Stock Image. (Photo by APU GOMES/AFP via Getty Images)
OAN’s Brooke Mallory
5:00 PM – Thursday, July 20, 2023
A primarily liberal college town in Idaho has agreed to pay $300,000 to three Christian churchgoers who sued the city after being imprisoned for failing to wear face masks or maintain social distance measures at an outdoor service during the peak of the COVID-19 outbreak.
The city of Moscow, Idaho, announced this week that it would settle the lawsuit with Gabriel Rench and Sean and Rachel Bohnet, who filed a case against city officials in March 2021.
They asserted that their rights under the First and Fourth Amendments were violated when they were arrested at an outdoor “psalm sing” led by church leaders in September 2020.
Moscow, Idaho, is a community of around 25,000 inhabitants located approximately 80 miles south of Spokane, Washington. The church named in the lawsuit, Christ Church, is a small congregation of about 1,000 members that is part of the Communion of Reformed Evangelical Churches.
At the time of the incident, Officers took Rench’s hymn book before hauling him away in handcuffs to the county jail, where he and others were kept for several hours, according to video of the arrests, which went viral and was blasted at the time on the Twitter platform.
The calm worship service lasted only 20 minutes in front of Moscow City Hall, where local authorities had put little yellow dots six feet apart to guide participants in COVID-19 6-feet-apart social distancing.
Rench and the other two were accused of breaching the city’s periodically amended health law. However, a magistrate court later dropped the city’s case against them.
U.S. District Court Judge Morrison C. England, Jr., noted that the “plaintiffs should never have been arrested in the first place,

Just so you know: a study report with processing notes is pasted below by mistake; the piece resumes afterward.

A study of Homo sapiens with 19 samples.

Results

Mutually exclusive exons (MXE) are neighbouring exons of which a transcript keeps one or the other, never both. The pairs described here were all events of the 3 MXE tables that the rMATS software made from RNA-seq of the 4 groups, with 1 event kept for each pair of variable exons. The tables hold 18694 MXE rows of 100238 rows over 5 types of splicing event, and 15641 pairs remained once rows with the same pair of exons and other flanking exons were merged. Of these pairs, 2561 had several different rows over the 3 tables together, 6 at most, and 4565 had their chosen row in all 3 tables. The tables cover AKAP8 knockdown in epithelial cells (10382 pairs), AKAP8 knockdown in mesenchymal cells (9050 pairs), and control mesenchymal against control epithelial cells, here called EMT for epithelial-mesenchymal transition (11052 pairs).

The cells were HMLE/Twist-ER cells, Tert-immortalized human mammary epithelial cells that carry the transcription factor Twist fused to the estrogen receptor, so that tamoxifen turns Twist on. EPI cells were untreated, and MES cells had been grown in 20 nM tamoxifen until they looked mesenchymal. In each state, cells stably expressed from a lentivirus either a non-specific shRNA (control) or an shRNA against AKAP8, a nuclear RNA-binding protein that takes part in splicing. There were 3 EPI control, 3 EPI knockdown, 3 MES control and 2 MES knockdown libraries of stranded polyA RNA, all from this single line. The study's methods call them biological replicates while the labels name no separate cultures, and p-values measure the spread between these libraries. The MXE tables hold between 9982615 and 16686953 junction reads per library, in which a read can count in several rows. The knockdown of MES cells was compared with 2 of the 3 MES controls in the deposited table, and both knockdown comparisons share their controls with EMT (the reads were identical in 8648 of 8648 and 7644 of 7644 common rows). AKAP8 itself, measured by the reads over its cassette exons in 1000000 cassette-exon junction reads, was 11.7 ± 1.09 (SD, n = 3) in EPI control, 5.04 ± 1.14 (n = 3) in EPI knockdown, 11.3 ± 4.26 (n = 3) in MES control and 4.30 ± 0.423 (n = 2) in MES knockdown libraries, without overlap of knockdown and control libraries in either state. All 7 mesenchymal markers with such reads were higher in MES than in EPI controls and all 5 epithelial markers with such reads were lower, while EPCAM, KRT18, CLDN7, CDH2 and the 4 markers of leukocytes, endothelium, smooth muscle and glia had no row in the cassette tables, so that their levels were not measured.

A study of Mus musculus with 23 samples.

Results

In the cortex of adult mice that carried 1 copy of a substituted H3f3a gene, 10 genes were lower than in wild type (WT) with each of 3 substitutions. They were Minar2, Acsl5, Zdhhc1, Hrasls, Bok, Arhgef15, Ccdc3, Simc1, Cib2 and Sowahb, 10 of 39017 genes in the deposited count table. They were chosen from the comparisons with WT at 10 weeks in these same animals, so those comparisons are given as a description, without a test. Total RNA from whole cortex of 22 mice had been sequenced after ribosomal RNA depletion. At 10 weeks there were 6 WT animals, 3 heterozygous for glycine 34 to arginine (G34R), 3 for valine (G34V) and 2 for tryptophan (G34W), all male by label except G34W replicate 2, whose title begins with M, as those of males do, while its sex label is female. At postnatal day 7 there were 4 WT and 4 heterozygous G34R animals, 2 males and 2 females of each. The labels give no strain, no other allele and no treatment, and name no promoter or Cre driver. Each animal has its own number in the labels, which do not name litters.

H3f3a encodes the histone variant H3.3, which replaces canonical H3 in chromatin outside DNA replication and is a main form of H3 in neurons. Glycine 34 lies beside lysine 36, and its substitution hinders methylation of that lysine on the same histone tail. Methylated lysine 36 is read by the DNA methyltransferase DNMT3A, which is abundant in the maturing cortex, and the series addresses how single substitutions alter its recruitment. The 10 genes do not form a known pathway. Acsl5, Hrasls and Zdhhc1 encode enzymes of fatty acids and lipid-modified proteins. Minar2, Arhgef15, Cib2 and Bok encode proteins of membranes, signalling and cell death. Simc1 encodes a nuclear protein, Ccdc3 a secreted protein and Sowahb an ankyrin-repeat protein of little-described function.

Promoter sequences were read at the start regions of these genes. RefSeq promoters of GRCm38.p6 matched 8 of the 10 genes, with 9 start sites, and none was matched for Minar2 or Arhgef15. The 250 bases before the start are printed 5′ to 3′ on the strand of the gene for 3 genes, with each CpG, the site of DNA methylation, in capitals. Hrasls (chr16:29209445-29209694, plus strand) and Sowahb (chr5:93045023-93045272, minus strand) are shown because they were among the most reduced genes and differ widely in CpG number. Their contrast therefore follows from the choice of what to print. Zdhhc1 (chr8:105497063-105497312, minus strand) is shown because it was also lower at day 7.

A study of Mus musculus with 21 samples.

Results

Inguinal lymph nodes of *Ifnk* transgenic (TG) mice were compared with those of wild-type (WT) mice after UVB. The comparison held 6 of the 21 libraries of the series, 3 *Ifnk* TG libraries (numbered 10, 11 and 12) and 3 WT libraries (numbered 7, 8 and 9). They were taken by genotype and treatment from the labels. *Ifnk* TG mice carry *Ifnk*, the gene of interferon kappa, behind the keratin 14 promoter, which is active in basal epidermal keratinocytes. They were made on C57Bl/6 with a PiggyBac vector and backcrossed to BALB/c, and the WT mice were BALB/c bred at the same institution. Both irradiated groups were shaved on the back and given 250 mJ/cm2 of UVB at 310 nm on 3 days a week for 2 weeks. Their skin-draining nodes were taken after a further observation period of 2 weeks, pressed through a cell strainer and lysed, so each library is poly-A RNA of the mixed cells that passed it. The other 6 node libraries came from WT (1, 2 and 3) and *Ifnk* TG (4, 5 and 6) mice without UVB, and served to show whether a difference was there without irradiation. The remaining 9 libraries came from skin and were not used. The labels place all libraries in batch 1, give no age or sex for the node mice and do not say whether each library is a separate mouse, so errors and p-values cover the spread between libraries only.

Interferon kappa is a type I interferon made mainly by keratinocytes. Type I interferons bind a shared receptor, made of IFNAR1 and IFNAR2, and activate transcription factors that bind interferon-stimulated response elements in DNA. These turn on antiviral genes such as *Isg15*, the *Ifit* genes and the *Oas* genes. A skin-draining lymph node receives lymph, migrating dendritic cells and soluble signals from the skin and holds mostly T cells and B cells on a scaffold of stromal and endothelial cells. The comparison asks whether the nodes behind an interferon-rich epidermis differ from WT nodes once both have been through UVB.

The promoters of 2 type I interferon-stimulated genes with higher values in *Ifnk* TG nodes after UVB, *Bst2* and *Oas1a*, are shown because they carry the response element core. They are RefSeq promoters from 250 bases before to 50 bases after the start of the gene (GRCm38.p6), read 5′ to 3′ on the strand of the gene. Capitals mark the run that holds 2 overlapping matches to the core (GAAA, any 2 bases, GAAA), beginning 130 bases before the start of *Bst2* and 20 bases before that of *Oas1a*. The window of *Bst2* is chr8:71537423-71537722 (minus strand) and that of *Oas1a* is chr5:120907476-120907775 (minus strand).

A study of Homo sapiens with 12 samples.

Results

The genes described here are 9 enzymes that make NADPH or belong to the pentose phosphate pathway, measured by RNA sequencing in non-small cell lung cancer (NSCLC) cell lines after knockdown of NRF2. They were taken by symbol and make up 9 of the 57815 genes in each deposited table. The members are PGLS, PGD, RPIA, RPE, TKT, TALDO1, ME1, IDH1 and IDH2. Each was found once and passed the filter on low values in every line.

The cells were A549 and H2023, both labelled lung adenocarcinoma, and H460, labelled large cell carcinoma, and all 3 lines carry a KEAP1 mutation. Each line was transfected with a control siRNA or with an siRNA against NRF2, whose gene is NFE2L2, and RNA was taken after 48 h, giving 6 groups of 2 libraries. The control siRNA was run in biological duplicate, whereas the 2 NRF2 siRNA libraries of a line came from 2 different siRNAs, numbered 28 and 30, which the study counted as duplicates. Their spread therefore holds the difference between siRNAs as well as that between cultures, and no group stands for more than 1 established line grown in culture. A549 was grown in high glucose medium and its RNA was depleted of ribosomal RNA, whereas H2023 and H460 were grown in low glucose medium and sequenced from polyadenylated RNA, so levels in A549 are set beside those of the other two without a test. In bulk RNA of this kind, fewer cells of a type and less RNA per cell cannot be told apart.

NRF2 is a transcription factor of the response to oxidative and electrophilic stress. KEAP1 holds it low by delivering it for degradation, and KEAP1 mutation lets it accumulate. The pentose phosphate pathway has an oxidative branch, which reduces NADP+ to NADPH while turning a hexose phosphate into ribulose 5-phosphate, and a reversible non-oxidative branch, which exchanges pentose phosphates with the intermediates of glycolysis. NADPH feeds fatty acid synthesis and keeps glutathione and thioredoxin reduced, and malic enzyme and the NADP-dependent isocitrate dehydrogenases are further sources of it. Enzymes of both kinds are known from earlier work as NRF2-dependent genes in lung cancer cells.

“Somehow, every single city official involved overlooked the exclusionary language [of constitutionally protected behavior] in the Ordinance,” the judge wrote.
Rench said that the situation in Moscow could be described as a sort of “microcosm” of concerns occurring throughout the country and overseas.
“I think it’s no secret that portions of our government and political groups are now starting to target Christians in a way that has never really happened in America or [even] Canada,” he said, referencing the pastors who have been jailed in neighboring Canada recently for holding church services.
“I’m in a conservative state, but I live in a liberal town, and the liberals had no problem arresting me for practicing my religious rights and my Constitutional rights,” Rench said. “But my [Republican] governor also didn’t defend me either. If you look at what’s going on in Canada, I think America’s 10 years, at most 20 years, behind Canada if we don’t make significant changes.”
One thing that Rench said he learned from the whole incident is that “hardened” political leaders cannot be expected to modify their mental processes or political ideals.
“What needs to happen is the people need to change how they vote and disincentivize the targeting of Christians and those who are genuinely trying to defend the Constitution,” he maintained.
“Under the terms of the settlement agreement, ICRMP will pay a total settlement amount of $300,000 and all claims against the City and the named City employees will be dismissed with prejudice along with a release of all liability,” the release said, including that the settlement will “provide(s) closure of a matter related to the unprecedented COVID-19 pandemic and the City’s efforts to protect the public during an exceptionally trying time.”